Business in fox's clothing


So said scenario planner Clem Sunter, when addressing the ITWeb BPM Summit at the Forum, in Bryanston, this morning. According to Sunter, scenario planning is not about predicting the future, but is rather about looking at current scenarios and how they may impact the future.

"Organisations must be adaptable, like a fox," he said. "You need to look around and adapt to the changes in the environment."

He believes the chances of a real crisis in SA have risen dramatically, thanks to activities like strikes, especially in the mining and agricultural sectors.

"Though we still give a 50% probability to South Africa staying in the 'premier league' of competitive nations, the assumption that South Africa will retain its premier status in Africa is distinctly dodgy, seeing how much our brand has declined in the last few months."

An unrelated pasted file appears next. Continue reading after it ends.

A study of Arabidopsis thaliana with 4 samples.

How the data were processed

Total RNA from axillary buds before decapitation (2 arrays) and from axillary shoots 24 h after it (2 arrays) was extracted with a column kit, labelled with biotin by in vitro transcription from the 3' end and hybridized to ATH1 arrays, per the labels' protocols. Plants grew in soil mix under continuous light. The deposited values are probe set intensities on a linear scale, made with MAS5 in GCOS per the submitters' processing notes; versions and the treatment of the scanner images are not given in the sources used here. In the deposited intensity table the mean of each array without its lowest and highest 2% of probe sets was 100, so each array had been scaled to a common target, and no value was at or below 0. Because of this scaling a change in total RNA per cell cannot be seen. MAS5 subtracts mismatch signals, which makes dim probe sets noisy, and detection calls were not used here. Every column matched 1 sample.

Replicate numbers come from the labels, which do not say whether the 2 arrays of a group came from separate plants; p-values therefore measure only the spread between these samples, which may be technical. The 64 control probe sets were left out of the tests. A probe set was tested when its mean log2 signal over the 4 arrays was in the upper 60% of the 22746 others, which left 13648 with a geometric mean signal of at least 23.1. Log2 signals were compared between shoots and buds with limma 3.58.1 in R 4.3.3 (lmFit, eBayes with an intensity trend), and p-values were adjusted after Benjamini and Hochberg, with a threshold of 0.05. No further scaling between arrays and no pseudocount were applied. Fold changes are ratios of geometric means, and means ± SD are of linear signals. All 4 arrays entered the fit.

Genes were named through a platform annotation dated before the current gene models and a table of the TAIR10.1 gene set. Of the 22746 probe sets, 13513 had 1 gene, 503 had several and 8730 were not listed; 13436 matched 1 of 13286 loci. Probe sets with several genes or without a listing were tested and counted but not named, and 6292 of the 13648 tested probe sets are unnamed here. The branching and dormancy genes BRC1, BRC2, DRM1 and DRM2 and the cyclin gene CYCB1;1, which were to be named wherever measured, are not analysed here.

Just over a year ago, he added, "we were giving a 70% probability to SA staying in the 'premier league', 30% to a peaceful decline into the 'second division', and zero to a failed state". Countries in the failed state category include Afghanistan, Somalia, Syria, etc, he pointed out.

With the Marikana tragedy ushering in a period of industrial turmoil, which, aggravated by the lack of service delivery, can escalate into a full-blown South African version of the Arab Spring, the probability has been revised yet again, he said.

"While we are keeping premier league status at 50%, we now have amended the chances of a peaceful versus violent, anarchic decline from 40:10 to 50:50 and, therefore, accord the second division and failed state scenarios each a 25% probability.

"With the tabling of the Secrecy Bill, we changed to 50% for premier league, 40% for second division, and 10% for failed state. Gagging the media would remove an essential pillar of democracy, precipitate a massive increase in corruption, and terminate our brand of being a model for the rest of Africa to follow. Accordingly, we went more negative."